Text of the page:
Two women who had been adrift in the Pacific Ocean for nearly five months after their sailboat was damaged have been rescued, according to the U.S. Navy.
Jennifer Appel and Tasha Fuiava, and their two dogs, were found Wednesday after setting off from Hawaii for Tahiti this spring.
But on May 30th, the Honolulu residents encountered bad weather that damaged the sailboat's engine, the Navy said in a statement.
The women decided to keep sailing, but strayed off course, according to the Navy.
After two months, which was past the time they had estimated they would've reached Tahiti, they began making daily distress calls. But they were too far away from other boats and shore stations.
"You can't get any help at all because you're in the middle of nowhere," Fuiava said in a call with the media.
'You have no other choice'
Appel described the situation as "very depressing" and "very hopeless."
"But it's the only thing you can do, so you do what you can with what you have. You have no other choice," Appel said.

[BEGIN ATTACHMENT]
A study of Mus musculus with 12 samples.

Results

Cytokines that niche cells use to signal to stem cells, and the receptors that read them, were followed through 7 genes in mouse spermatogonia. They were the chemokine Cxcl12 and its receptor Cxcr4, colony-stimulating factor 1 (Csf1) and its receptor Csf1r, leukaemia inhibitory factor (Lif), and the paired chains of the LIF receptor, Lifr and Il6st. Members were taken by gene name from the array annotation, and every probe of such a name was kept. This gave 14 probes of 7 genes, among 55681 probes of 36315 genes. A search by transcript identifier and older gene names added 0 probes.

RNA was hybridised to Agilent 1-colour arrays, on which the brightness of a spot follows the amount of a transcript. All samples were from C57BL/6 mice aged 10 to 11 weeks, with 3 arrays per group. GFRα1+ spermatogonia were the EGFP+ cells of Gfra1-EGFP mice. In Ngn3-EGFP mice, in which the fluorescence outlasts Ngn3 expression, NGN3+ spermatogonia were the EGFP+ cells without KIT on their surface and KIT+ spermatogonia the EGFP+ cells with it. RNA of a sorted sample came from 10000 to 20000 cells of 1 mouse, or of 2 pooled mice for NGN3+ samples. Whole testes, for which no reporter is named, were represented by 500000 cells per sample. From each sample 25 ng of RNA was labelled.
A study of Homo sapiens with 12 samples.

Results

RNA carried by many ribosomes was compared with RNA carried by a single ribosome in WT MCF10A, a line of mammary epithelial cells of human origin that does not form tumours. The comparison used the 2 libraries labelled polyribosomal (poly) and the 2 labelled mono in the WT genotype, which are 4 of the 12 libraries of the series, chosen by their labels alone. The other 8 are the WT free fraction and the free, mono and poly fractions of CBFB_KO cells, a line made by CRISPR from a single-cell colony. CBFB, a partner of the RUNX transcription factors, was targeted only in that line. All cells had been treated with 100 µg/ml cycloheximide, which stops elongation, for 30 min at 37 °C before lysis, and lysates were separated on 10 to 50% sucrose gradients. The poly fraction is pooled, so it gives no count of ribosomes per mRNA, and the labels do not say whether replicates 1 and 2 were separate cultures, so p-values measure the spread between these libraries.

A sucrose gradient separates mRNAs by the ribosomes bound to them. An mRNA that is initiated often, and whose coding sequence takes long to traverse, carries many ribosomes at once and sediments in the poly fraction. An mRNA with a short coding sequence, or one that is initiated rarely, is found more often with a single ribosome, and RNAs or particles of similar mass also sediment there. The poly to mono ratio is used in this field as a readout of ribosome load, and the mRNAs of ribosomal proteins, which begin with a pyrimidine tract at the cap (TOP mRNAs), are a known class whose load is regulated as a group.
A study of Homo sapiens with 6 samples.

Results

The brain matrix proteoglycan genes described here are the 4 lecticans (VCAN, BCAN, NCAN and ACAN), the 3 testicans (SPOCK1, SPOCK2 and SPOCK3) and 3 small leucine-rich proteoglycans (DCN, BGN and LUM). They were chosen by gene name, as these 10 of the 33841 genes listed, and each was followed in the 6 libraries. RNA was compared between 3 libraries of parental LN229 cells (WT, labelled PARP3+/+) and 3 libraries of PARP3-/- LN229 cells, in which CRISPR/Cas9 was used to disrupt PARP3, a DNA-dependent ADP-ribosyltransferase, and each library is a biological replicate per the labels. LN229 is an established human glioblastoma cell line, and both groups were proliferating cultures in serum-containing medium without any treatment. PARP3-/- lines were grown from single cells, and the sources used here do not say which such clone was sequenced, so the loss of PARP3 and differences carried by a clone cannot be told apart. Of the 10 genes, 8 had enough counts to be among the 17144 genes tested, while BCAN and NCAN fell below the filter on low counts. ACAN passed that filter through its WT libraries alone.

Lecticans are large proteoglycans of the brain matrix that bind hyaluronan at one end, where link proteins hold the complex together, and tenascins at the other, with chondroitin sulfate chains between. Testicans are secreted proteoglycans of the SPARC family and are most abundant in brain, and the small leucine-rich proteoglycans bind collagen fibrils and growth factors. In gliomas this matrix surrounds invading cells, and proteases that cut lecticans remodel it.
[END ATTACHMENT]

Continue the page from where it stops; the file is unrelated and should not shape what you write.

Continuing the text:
They survived by using water purifiers and a year's worth of food they had brought, such as oatmeal, pasta and rice.
After nearly five months lost at sea, a Taiwanese fishing vessel spotted their boat and contacted the Coast Guard. The boat was discovered Tuesday, about 900 miles southeast of Japan -- which is thousands of miles away from Tahiti.
The USS Ashland, a ship based in Sasebo, Japan, was near the area on routine deployment and reached the damaged sailboat Wednesday morning.
"The U.S. Navy is postured to assist any distressed mariner of any nationality during any type of situation," said Cmdr. Steven Wasson, Ashland commanding officer.
The Navy released video footage of the rescuers reaching the stricken sailboat. An ecstatic woman greeted them and blew kisses, while the two dogs, Zeus and Valentine, wearing bright, yellow life jackets, barked excitedly.
"Thank God we've been rescued," Appel said, according to CNN affiliate KHON.
Their sailboat was deemed unseaworthy and is currently drifting out at sea, KHON reported. The women will remain on board the USS Ashland until its next port of call.
"I'm grateful for their service to our country," Appel said in a Navy statement. "They saved our lives. The pride and smiles we had when we saw [US Navy] on the horizon was pure relief."